By Ashleigh Fielding | posted on March 23, 2019
THE humble country store has its place in every rural story.
Often the gathering place for farming folk to learn the latest news and gossip while picking up their mail, newspapers and groceries, it remains an important aspect of the country landscape today.
Fairer and fewer they become with regional populations dwindling but one store that has taken a fresh stand against the tests of time is the Narrikup Country Store.
Yesteryear Narrikup resident Sam Jolly constructed the store in 1922 with stone plinth and footings, weatherboard walls painted a rich red colour, a corrugated iron roof and a brick paved floor.
A Shire of Plantagenet Municipal Heritage Inventory document from 1997 described the store as having “an important focus on the business area of the district” during a period when Narrikup was a key area for summer potato crop growing and later, the dairy and beef industries.
The store changed hands 12 times after it was opened in 1923, before it reached current owner Tony Poad.
Mr Poad purchased the business in March last year and after sinking approximately $250,000 into it, reopened the doors on November 23.
Celebrating four months since opening, he reflected on his progress.
Mr Poad said the place was “a mess” when he took over as it had been closed for eight years.
“Starting was very rough,” he said.
“It was so run down, the verandah was falling off and it had a leaky roof.
“So, I insulated it, put in a new kitchen, painted it inside and out, put in a new verandah, rewired it and put in a cool room.”
Mr Poad came across the store when he moved to the district from Wellstead 13 years ago when his children needed to attend high school.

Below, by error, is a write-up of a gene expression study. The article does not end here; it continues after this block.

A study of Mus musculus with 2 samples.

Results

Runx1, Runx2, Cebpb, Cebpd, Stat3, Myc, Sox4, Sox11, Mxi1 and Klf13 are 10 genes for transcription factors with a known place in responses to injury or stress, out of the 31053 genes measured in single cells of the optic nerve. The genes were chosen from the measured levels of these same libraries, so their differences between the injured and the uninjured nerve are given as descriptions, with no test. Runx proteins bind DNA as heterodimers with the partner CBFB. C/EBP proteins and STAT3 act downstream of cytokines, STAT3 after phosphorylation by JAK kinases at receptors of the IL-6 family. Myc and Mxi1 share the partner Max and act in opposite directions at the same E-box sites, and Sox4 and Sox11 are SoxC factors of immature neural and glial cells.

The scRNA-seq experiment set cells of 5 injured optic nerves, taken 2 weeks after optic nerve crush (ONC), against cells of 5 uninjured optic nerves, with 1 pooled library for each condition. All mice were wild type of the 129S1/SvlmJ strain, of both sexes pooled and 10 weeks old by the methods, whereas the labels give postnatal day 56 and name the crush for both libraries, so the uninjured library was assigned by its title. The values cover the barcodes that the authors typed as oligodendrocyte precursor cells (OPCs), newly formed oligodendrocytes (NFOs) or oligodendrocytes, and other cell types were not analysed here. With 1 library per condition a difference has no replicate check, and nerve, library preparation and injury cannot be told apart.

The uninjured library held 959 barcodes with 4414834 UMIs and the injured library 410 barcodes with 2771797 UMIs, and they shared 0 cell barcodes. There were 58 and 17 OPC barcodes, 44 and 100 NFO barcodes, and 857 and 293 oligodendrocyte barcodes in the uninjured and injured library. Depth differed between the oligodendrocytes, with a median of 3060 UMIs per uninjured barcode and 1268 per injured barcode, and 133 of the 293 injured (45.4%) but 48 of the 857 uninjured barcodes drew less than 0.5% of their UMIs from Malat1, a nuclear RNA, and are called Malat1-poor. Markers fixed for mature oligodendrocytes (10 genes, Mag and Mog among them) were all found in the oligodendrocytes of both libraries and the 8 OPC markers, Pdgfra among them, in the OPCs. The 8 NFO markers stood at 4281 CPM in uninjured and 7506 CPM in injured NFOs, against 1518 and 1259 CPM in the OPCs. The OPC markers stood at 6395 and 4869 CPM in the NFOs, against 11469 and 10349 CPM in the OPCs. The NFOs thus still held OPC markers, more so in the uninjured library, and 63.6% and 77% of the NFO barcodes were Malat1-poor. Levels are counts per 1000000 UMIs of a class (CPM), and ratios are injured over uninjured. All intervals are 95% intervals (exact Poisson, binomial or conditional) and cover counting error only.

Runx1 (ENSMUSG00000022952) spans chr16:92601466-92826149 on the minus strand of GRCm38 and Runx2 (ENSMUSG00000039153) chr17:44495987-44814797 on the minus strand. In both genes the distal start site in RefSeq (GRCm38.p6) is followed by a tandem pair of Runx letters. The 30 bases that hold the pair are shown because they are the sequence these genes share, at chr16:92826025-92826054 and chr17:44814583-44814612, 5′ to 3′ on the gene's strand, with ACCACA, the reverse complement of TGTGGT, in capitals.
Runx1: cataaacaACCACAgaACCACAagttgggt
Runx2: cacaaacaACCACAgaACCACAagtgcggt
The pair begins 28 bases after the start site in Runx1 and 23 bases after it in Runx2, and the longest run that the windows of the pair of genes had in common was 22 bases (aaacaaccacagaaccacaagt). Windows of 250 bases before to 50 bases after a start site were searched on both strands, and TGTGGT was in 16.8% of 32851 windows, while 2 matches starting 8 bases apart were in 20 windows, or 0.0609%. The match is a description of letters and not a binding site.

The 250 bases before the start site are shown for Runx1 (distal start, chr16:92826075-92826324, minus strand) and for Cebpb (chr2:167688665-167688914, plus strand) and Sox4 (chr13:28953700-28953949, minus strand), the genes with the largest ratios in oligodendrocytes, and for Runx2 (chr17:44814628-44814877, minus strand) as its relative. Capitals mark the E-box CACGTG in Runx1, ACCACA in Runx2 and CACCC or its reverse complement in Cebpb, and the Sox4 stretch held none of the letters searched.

He desired a change of pace from being a builder and decided to take on the challenge of being a shop owner.
Mr Poad recognised and appreciated the value of a country store in a place like Narrikup, where fewer than 500 people reside.
He also saw the effects that the shop’s closed doors had on the community.
“It was pretty sad,” Mr Poad said.
“When I came here, people didn’t know their neighbours.
“I want people to know each other.”
Fellow Narrikup resident Glenys Steel, who has called the district home for 50 years, agreed.
“That was the hub of Narrikup,” she said of the store.
“When it shut for eight years, we lost contact with everyone, and there was no paper or milk or hardware…we had a craft shop there and it had a liquor license…
“It’s great now that Tony has reopened it; it has such huge importance to the community.”
Mr Poad has plenty on the cards for his store.
“The community have been really supportive of me,” he said.
“We had a fish and chips Friday on our first day and 72 people came.
“The next Friday, we had 83.
“So now, we also have Sunday mornings with coffee and croissants.”
Mr Poad wants to start up a monthly car boot sale and quarterly community barbecues to reignite Narrikup as a buzzing and thriving town.
He is in the process of building a photographic timeline of the store’s history and encouraged members of the public to share their photos and information with him.
Mr Poad also wants to install public toilets to encourage tourists to make his shop, and his town, a stop in their travels.
“I have my days but I see the potential of this place,” he said.
“It will get busier the more people know we’re open again.
“I hope to get more tourists to stop here.”